April 25, 2008

My last roommate is an econ major, and her boyfriend has a law degree and is going for his econ PhD.  If I have a question about economics, they’re the ones I’d go to.  Jen can explain exactly why we should do certain things about the minimum wage, and she has studies to back it up, as well as enough experience in the field to really know what she’s talking about.  Now what’s the usual evidence on any political opinion: “Well here’s my theory and it’s supported by this experience or observation of mine”.  Yeah, hard evidence there.

What am I getting at?  Why do we expect politicians to make up their own economic policy, and expect that this too can be a matter of opinion, like stances on marriage or immigration are.  How much would people laugh if one of the presidential front-runners came out with an opinion on how to cure AIDS, or what sort of material will make a more efficient solar cell?  We know that they don’t know these things.  All we ask is for them to accept the results of the relevant studies and pump money into research.  Thing is, social science doesn’t have as many numbers.  There’s not so much calculus, and I doubt you have to do complex analysis ever to come up with their models.  It seems approachable because the math centers around statistics and there are all these real understandable things.  The average person can’t visualize protein-enzyme interactions, or really comprehend the size of a nanotube, but money we can grasp.  We understand what a dollar raise does to a person, or a tax increase.  These things are tangible every day occurrences, so we feel like we understand them.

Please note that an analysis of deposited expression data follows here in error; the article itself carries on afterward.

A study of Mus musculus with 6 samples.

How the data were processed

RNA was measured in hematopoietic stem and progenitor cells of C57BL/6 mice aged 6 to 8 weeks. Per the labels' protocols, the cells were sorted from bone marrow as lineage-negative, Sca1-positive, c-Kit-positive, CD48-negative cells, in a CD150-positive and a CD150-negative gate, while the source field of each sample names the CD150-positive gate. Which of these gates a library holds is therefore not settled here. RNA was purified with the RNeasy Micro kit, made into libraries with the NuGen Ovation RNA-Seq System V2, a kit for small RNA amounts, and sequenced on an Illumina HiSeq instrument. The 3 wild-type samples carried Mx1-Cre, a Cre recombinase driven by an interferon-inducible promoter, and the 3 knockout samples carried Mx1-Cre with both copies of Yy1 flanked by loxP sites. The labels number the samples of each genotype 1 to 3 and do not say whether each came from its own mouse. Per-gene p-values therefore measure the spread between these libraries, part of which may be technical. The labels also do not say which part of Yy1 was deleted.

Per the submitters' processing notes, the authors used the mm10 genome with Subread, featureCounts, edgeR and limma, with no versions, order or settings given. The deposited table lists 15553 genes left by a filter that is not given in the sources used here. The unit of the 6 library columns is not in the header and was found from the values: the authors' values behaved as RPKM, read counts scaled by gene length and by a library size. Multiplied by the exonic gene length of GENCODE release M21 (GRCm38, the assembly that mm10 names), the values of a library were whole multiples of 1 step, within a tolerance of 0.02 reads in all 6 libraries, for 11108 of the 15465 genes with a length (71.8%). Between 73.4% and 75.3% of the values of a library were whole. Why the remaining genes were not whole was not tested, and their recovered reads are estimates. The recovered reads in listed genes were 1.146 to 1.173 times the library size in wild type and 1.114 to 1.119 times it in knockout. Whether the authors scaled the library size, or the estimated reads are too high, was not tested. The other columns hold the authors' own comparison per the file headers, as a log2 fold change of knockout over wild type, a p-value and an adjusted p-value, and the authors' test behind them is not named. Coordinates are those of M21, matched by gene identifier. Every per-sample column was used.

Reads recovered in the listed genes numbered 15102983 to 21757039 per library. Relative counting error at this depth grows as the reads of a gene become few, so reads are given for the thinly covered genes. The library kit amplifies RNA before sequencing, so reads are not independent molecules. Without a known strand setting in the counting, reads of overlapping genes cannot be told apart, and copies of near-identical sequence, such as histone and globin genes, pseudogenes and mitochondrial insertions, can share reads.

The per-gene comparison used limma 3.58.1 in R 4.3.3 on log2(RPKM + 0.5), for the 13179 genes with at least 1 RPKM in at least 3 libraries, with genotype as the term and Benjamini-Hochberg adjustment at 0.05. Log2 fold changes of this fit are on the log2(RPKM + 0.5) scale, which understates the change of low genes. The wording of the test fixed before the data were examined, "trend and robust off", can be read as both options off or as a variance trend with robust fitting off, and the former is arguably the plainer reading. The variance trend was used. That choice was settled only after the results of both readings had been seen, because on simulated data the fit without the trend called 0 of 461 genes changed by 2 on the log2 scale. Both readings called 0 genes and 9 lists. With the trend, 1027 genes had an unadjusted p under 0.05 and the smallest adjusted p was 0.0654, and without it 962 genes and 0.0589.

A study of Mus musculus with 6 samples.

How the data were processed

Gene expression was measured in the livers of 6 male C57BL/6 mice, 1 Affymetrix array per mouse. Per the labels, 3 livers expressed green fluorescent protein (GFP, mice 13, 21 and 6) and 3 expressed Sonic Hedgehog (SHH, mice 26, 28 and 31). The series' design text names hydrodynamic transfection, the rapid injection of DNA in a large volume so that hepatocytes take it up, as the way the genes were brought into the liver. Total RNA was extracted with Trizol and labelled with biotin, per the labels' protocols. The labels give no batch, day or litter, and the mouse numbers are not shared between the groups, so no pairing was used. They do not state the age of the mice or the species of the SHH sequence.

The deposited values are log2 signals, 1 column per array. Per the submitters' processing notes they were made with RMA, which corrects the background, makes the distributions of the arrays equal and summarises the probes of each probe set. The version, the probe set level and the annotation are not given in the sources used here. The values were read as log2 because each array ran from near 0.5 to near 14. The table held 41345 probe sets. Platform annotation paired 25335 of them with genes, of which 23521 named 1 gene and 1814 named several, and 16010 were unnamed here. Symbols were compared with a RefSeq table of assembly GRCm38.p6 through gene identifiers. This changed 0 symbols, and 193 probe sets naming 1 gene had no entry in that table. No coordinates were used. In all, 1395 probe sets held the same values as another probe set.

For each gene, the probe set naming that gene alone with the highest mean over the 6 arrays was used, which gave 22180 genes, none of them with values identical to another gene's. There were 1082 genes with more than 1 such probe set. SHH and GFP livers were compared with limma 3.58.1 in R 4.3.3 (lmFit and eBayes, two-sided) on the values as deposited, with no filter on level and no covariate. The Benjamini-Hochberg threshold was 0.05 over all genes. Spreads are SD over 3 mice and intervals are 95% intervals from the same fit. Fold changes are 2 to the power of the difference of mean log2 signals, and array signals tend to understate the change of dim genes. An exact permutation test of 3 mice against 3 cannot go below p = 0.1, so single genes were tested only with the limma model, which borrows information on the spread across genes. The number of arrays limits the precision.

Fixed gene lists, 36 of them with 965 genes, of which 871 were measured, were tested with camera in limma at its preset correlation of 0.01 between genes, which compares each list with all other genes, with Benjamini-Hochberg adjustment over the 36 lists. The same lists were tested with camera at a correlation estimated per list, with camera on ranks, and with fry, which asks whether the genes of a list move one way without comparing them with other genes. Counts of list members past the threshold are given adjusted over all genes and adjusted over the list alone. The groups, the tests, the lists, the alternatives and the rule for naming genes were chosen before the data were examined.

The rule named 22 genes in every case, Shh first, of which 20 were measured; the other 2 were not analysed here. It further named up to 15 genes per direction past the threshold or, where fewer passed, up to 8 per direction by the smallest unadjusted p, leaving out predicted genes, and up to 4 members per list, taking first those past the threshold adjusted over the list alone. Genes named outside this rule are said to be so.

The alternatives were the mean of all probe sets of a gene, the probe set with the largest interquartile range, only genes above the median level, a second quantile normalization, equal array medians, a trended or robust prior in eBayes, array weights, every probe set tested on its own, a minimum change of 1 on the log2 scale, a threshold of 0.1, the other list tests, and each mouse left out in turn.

Seems to me, though, we ought to leave that to the PhDs.  Yeah, I have opinions on economics (tax the hell out of the rich), but I readily admit that I don’t know squat.  I’m a chemist.  Why would I know how the economy works?  Again, though, we think that social science is easy and anyone can do it, and so everyone tries.  It cannot be economically sensible to both tax the rich and give them tax cuts, and yet talk to politicians and you will get well reasoned arguments for both sides.  I’ll vote for the first politician who says “I don’t understand this completely because I’m not an economist, but here’s a pile of PhDs who say this and have evidence to back it up”.

Of course, that’ll never happen.  It’d be political suicide for them to admit they don’t know everything.  At some point they probably will have to have opinions about AIDS and solar cells too.  I just hope that then, as I hope happens now, there are PhDs behind the scenes with opinions and evidence.  Meanwhile, I want Jen’s opinion on trickle down economics.